ADELAIDE, AUSTRALIA – DECEMBER 07: Tim Paine and Josh Hazlewood of Australia celebrate the wicket of Mohammed Shami of India during day two of the First Test match in the series between Australia and India at Adelaide Oval on December 07, 2018 in Adelaide, Australia. (Photo by Quinn Rooney/Getty Images)
ADELAIDE, AUSTRALIA – DECEMBER 07: Tim Paine and Josh Hazlewood of Australia celebrate the wicket of Mohammed Shami of India during day two of the First Test match in the series between Australia and India at Adelaide Oval on December 07, 2018 in Adelaide, Australia. (Photo by Quinn Rooney/Getty Images)

Surprise pitch for quicks top pick

Adelaide Oval is the best cricket pitch in Australia.

The Test pace attack has spoken and declared the former batting haven is now the country's new fast bowling paradise.

Gone are the days of the WACA's fearsome reputation, and despite the eagerness of the Australian Test team to start their summer campaigns at their Gabba fortress, Brisbane's wicket has also fallen back in the estimations of the bowlers.

Josh Hazlewood rates the Adelaide pitch his favourite cricket wicket in Australia. Picture: Quinn Rooney/Getty Images

 

 

Adelaide Oval is a drop-in, but to a man, Australia's pace attack say it's the new benchmark.

James Pattinson returns to the Australian camp Tuesday after his suspension from the first Test for a homophobic slur, but unless a bowler has pulled up sore from the first Test triumph, it's almost impossible to envisage the attack being changed.

Josh Hazlewood will play his 50th Test match on Friday in the series finale against Pakistan and is licking his lips about the standout wicket in the new world of tiresome flat tracks.

 

 

Tim Paine and Josh Hazlewood of Australia celebrate the wicket of Mohammed Shami of India during the Adelaide Test last summer. Picture: Quinn Rooney/Getty Images
Tim Paine and Josh Hazlewood of Australia celebrate the wicket of Mohammed Shami of India during the Adelaide Test last summer. Picture: Quinn Rooney/Getty Images

 

 

"I love Adelaide the most I think. I have had good success there," said Hazlewood, who also rates Brisbane.

"Often (Adelaide) is a pink ball game now. But we played red-ball last year and it still did a bit for most the game.

"It keeps you a little bit interested when the ball id a bit older and the wicket is a bit flatter, there is still a little bit there for you throughout the day. And it is a new-ball wicket, so I think it's an even contest between bat and ball.

"I think everyone would have their own favourites, but I think that (Adelaide) is the one that sticks out.

"I think Nath (Lyon) loves bowling there as well. There is spin there for most of the game. I think it's just a great all-round wicket to be honest."

 

 

 

Nathan Lyon holds the ball up to the crowd after taking 6 wickets during day four of the Test against India at the Adelaide Oval on December 09, 2018. Picture: Quinn Rooney/Getty Images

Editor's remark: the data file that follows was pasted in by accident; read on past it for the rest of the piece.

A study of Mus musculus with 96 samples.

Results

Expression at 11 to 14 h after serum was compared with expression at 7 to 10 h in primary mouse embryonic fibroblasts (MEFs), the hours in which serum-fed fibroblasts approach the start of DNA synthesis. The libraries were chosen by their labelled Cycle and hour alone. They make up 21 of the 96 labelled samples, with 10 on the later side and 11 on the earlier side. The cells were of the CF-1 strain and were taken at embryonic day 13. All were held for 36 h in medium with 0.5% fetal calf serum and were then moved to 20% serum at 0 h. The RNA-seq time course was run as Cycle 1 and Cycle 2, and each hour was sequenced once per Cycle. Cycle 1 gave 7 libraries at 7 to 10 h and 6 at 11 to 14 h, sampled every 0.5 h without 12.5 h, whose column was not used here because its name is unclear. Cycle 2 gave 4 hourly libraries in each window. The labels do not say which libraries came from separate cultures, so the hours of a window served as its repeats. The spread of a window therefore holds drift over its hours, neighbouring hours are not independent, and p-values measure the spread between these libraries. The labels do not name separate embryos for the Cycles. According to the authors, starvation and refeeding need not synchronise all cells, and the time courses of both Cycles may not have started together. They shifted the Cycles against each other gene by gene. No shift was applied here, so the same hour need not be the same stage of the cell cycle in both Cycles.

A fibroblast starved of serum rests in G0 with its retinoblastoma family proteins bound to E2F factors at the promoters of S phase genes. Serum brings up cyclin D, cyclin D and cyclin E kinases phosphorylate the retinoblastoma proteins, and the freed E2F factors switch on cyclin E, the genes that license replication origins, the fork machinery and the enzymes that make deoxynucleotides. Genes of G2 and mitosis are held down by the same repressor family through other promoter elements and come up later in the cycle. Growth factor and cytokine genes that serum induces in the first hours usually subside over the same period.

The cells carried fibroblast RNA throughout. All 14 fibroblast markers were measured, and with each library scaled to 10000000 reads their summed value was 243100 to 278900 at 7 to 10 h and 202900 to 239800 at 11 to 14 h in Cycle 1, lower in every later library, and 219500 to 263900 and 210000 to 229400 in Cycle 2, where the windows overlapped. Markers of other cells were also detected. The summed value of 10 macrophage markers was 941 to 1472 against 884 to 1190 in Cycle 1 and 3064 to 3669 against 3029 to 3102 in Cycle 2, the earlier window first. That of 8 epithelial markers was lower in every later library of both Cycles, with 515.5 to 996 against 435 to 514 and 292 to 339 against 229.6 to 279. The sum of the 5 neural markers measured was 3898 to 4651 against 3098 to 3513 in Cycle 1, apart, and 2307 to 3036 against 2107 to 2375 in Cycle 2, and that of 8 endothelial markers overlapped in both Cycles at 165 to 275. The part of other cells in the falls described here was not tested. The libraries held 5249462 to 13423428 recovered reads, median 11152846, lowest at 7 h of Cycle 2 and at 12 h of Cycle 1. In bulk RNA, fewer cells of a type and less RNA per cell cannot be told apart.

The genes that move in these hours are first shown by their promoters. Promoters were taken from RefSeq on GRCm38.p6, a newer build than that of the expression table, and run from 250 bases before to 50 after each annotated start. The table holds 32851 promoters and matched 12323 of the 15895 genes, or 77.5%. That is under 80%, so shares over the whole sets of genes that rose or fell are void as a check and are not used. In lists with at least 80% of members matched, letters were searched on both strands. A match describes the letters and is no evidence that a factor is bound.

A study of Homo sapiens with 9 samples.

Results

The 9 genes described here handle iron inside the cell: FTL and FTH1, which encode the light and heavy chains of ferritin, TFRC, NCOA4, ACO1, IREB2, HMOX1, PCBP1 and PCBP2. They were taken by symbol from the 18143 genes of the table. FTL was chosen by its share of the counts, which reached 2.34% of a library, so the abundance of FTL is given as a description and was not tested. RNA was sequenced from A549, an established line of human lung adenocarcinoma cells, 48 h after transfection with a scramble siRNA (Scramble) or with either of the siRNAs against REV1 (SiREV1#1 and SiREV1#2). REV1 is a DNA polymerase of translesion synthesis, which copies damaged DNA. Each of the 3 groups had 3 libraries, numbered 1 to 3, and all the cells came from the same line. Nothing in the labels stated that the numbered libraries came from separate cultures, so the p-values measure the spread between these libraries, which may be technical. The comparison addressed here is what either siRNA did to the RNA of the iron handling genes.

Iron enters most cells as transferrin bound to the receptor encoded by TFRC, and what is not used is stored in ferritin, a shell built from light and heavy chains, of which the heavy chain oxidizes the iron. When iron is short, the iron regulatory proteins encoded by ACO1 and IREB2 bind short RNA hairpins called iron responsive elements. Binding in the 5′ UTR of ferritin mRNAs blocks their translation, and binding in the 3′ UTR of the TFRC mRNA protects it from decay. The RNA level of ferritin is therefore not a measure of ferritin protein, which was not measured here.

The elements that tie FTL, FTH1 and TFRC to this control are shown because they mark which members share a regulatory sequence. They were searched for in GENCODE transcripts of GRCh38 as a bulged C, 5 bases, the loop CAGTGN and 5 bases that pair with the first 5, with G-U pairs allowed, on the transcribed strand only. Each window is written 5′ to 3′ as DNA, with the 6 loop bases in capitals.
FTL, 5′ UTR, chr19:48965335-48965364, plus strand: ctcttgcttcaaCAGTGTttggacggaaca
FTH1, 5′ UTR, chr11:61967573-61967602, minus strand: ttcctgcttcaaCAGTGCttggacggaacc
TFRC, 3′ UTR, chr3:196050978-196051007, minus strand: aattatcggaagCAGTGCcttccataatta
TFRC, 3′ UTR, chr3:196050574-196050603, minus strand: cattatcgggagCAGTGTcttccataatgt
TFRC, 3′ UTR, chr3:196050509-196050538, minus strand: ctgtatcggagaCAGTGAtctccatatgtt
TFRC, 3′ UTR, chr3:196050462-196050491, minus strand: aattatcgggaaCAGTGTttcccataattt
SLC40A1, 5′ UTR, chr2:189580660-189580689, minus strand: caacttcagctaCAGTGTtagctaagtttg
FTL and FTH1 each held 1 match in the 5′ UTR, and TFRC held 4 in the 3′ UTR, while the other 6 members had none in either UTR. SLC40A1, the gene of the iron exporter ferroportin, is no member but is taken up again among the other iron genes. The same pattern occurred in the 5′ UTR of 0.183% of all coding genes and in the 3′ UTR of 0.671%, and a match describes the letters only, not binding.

Nathan Lyon holds the ball up to the crowd after taking 6 wickets during day four of the Test against India at the Adelaide Oval on December 09, 2018. Picture: Quinn Rooney/Getty Images

 

 

Left-arm spearhead Mitchell Starc told The Daily Telegraph before the start of the summer, that Adelaide had left the rest of the country in the rear view mirror.

"I think the benchmark for wickets around the country these days is probably Adelaide Oval," said Starc.

"That's one place it doesn't matter if it's a red ball or pink. The wickets are always very nice for cricket. It's always a nice even competition between bat and ball and that's what we want from wickets around Australia is that even contest."

The double-edged sword ahead of Friday's second Test is that Pakistan's broken and battered pace attack may also get a whiff of a second wind from the generous Adelaide surface.

As solid as Australia's top order looked in Brisbane, they wouldn't want to get too far ahead of themselves before facing the dangerous pink ball.

"Absolutely. The pink ball is always harder to bat against most the time. It'll be a good challenge," said Hazlewood.

"I think the Adelaide wicket and pink ball will suit (Pakistan). A lot of them have nice wrists and present a nice seam. So I think they will be able to swing it around.

"Whether (Mohammad) Abbas comes in or not is up to them obviously. I think they have got a number of guys who can bowl well with the new ball.

"I think it will be hard work, especially when it's new. But throughout the whole Test I think it will be hard work."

The vote of confidence from the fast bowlers about the Adelaide wicket, is intriguing in the context of the drop-in pitch debate currently going on at the Sydney Cricket Ground.

Bowlers would prefer the SCG to remain traditional, but given it's docile nature in recent years - Adelaide does stand out as an example that drop-ins can prove to be an improvement.